The Cathedral has a fascinating and turbulent history and has been at the centre of some of the country’s most pivotal events. Some of our heritage has only recently been uncovered.
This includes some of the first of Coventry’s cathedrals, the 11th century working Abbey and later Cathedral and Priory church of St Mary’s. The Cathedral was established by Lord Leofric and his wife Lady Godiva and later became the only Cathedral to be destroyed during Henry VIII’s dissolution of the monasteries. It was mostly unearthed by two of Channel Four’s Time Team archaeological digs in 1999 and 2001. The remains are vast, covering a large portion of the ‘Hilltop’ area.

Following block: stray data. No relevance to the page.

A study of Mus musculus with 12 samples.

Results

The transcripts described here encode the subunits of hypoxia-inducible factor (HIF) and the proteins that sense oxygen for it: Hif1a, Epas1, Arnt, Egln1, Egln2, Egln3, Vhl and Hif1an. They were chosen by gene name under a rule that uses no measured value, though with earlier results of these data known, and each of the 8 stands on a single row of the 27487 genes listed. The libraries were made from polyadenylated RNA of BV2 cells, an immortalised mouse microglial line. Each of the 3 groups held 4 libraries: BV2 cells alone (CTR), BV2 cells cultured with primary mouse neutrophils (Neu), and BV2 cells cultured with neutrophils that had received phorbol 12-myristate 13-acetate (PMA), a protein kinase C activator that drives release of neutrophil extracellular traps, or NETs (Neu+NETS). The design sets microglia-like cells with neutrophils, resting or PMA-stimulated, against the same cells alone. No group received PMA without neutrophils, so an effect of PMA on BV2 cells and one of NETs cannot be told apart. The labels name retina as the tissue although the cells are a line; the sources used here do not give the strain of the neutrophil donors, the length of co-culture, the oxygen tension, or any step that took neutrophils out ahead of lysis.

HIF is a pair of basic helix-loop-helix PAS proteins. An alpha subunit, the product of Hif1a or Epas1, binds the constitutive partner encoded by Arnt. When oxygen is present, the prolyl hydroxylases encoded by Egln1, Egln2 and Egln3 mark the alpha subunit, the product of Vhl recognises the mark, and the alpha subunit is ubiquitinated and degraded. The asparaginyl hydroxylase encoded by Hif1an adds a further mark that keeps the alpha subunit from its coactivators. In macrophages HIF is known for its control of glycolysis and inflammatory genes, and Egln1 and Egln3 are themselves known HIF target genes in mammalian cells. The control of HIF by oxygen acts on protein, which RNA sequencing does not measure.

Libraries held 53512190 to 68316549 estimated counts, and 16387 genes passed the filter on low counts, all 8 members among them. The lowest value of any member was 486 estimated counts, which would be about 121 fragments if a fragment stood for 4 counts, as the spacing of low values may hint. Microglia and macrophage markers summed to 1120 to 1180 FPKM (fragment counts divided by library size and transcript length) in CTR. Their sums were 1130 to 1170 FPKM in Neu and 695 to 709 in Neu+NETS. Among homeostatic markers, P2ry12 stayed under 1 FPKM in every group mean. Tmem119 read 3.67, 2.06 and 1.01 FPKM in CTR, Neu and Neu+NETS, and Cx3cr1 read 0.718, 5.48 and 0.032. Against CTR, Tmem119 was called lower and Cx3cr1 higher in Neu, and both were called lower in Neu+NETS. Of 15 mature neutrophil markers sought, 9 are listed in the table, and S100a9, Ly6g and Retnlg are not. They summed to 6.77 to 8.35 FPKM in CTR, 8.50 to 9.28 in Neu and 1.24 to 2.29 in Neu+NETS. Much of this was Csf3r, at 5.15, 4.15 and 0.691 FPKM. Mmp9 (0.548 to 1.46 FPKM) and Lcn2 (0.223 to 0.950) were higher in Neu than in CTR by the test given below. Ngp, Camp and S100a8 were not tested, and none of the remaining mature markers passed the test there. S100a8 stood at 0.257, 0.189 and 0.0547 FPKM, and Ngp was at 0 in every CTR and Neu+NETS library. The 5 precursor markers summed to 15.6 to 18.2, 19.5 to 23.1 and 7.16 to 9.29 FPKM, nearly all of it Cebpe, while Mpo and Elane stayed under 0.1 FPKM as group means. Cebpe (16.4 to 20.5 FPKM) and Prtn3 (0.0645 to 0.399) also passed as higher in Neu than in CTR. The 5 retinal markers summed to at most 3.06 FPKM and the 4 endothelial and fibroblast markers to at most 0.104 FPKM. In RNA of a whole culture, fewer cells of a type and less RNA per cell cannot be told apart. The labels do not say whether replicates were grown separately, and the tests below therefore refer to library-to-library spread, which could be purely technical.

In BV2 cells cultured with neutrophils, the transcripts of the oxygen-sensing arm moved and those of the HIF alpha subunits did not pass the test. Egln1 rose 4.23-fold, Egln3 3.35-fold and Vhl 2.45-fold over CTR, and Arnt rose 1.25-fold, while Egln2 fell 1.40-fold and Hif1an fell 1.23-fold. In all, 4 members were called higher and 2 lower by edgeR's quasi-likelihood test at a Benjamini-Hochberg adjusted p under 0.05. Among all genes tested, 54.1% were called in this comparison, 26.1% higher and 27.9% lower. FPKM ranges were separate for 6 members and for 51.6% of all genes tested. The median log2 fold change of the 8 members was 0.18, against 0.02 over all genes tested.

The second of Coventry’s Cathedrals, dedicated to St Michael, was built in the late 14th and early 15th centuries. It was built to be a parish church, which it was for 500 years during which it was a base for Parliamentarian troops during the English Civil War. The church included stained glass windows which are believed to have been made by the medieval artist John Thornton, who was born in Coventry and later became famous for his work on the Great East Window at York Minster. Fortunately the glass was removed in 1940 for safe keeping and has recently undergone extensive cleaning and cataloguing. We are now in need of funds to put it on public display.
We have a huge commitment to conserve a fragile heritage across a large site. Funds are currently needed to restore the medieval crypts so that they can be opened up for public use.